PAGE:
I don’t have a TV set these days. I stopped watching years ago when I realised that all TV channels were thoroughly antismoking. They weren’t speaking for smokers like me. So I stopped watching.
But when, as at present, I’m house-sitting for my brother, I get to watch TV again. And it’s very interesting to pick out the messages that it’s sending.
I’ve just been watching a programme about the decay of plants and animals by fungi and bacteria and maggots. I was a bit shocked by a piece of raw Darwinism that appeared in the middle of it, as Penicillium fungi were described as ”poisoning competing fungi.” That’s the Darwinian war of everything against everything else.
I shouldn’t have been shocked, but then I don’t watch much TV these days. Probably everybody who watches TV gets given a bit of Darwinian education every day. It’s a central part of contemporary ideology. It’s one that I reject because the idea of a war of nature is entirely incompatible with my least-action view of life: in my view war is simply far too energetic a business for the natural world to engage in.
Apart from that, in my two evenings of viewing I’ve seen no smokers at all. Well, almost no smokers. In a history of lunar spaceflight, when the Eagle lands on the Moon, and everyone is celebrating, one of the NASA engineers lights a cigar. I’m surprised that this shocking sight wasn’t cut. It sent the wrong message: cigars as celebration. Oh dear!
But if I’ve seen few people smoking, I haven’t seen any antismoking messages either. So that’s a bonus.
Nor, surprisingly, have I heard any mention of global warming. It used to be de rigueur for any programme about the natural world to mention global warming at some point. But perhaps I’ve not been listening hard enough.
Another surprise was a new focus on Africa. For example, Dan Snow’s History of the Congo was very much an immersion in black Africa, and seemed to be about the expiation of colonial crimes. The same theme emerged in several other programmes.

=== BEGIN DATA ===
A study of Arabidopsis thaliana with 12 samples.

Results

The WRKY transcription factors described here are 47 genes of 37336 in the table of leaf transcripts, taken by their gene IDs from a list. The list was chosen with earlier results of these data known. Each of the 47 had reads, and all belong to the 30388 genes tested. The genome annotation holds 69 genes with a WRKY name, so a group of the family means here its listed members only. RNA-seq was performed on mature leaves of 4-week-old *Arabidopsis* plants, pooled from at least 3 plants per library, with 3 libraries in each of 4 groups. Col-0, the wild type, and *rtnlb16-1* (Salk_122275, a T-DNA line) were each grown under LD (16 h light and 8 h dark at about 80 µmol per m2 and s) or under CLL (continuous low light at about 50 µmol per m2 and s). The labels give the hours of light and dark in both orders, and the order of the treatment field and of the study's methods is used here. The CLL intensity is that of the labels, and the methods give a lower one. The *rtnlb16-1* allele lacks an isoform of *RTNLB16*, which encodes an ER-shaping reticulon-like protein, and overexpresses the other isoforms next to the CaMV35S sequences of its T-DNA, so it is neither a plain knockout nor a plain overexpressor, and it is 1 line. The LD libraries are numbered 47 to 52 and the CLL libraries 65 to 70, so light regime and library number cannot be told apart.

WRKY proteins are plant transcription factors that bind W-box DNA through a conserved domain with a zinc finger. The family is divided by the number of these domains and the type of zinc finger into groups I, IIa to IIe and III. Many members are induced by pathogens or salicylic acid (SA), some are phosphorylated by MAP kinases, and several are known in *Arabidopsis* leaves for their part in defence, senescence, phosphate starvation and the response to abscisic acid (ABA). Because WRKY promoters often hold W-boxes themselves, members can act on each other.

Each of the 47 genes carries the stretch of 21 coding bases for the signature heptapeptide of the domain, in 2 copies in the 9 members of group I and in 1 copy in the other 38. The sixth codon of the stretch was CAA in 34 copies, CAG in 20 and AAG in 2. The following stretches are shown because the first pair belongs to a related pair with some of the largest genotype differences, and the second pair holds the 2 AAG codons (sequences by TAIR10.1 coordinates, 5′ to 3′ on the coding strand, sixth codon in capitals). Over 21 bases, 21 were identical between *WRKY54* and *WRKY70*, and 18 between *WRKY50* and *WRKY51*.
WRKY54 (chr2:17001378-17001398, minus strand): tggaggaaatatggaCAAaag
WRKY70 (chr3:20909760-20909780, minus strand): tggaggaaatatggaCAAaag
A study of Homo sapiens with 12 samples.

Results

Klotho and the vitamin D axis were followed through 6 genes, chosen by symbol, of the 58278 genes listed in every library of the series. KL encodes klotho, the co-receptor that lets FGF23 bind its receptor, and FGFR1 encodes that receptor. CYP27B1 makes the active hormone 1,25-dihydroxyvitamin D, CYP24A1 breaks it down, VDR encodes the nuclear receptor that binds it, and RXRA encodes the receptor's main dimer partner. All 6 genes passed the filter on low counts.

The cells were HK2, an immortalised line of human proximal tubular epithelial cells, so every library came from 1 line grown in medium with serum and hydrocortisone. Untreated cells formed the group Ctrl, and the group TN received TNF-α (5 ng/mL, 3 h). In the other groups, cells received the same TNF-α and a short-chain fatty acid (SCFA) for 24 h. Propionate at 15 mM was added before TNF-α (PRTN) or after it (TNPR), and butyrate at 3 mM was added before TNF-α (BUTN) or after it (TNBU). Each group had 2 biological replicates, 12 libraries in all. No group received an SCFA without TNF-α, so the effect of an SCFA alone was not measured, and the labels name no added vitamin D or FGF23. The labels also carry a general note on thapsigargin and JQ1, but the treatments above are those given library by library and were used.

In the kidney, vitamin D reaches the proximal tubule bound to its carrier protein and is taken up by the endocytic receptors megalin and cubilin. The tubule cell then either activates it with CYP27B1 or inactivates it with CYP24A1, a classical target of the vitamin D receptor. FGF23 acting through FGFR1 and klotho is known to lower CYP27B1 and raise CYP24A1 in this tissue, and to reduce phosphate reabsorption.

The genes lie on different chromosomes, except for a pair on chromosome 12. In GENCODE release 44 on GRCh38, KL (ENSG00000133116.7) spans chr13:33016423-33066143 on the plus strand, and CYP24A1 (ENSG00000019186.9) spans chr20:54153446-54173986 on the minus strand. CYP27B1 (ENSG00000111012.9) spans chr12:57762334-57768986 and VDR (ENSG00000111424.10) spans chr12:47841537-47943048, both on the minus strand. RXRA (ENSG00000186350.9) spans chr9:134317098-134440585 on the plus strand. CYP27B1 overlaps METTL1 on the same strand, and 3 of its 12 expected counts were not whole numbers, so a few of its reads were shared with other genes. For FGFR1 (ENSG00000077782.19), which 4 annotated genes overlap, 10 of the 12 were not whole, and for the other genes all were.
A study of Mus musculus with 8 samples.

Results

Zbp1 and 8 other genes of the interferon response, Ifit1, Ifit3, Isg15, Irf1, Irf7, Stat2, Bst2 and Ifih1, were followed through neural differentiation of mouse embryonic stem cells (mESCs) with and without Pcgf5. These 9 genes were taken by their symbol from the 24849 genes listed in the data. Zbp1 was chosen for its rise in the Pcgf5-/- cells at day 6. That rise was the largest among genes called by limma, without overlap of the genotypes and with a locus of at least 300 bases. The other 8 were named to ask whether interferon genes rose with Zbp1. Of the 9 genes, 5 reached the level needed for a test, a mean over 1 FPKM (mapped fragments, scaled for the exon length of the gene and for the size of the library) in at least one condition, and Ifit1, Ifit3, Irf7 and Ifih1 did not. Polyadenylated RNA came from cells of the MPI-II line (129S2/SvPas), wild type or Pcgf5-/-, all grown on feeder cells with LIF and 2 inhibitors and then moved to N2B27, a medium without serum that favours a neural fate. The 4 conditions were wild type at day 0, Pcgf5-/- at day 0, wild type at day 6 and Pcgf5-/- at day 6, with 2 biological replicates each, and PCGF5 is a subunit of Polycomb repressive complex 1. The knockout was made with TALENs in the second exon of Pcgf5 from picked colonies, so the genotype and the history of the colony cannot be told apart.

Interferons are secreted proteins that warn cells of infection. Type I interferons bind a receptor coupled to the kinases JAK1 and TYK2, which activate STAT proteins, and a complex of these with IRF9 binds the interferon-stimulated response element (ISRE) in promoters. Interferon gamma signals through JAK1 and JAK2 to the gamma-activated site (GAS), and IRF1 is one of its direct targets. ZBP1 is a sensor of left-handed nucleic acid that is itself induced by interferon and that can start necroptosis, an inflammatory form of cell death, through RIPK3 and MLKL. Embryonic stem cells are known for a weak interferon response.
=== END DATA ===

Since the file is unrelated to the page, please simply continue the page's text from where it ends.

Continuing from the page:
The oddest thing of all was Channel 4 News’ John Snow interviewing Tom Hanks about a new movie he’d just made about Somali pirates. In the middle of this Snow suddenly burst out about how the US “Tea Party” in Congress was about to bring about “the collapse of civilisation.” It was clearly something that was more on the veteran anchor’s mind than some new movie. It had nothing whatsoever to do with Somali pirates, and Tom Hanks neatly skipped over the matter by saying it was “above his pay grade” to address such issues. But, unlike my US commenters, all the media are united in a shared apocalyptic view of the US government shutdown.
Apart from that, everything on TV seems to share an implicit (and occasionally explicit) set of values. And to sit and watch it every day entails absorbing those values, which are more or less identical from one channel to the next. It’s a conditioning medium. It’s like being immersed in warm soup.
The same isn’t true of surfing the web, where there’s a genuine diversity of opinion. It had me wondering how long the mass media could continue to condition entire populations, when people like me have simply stopped watching.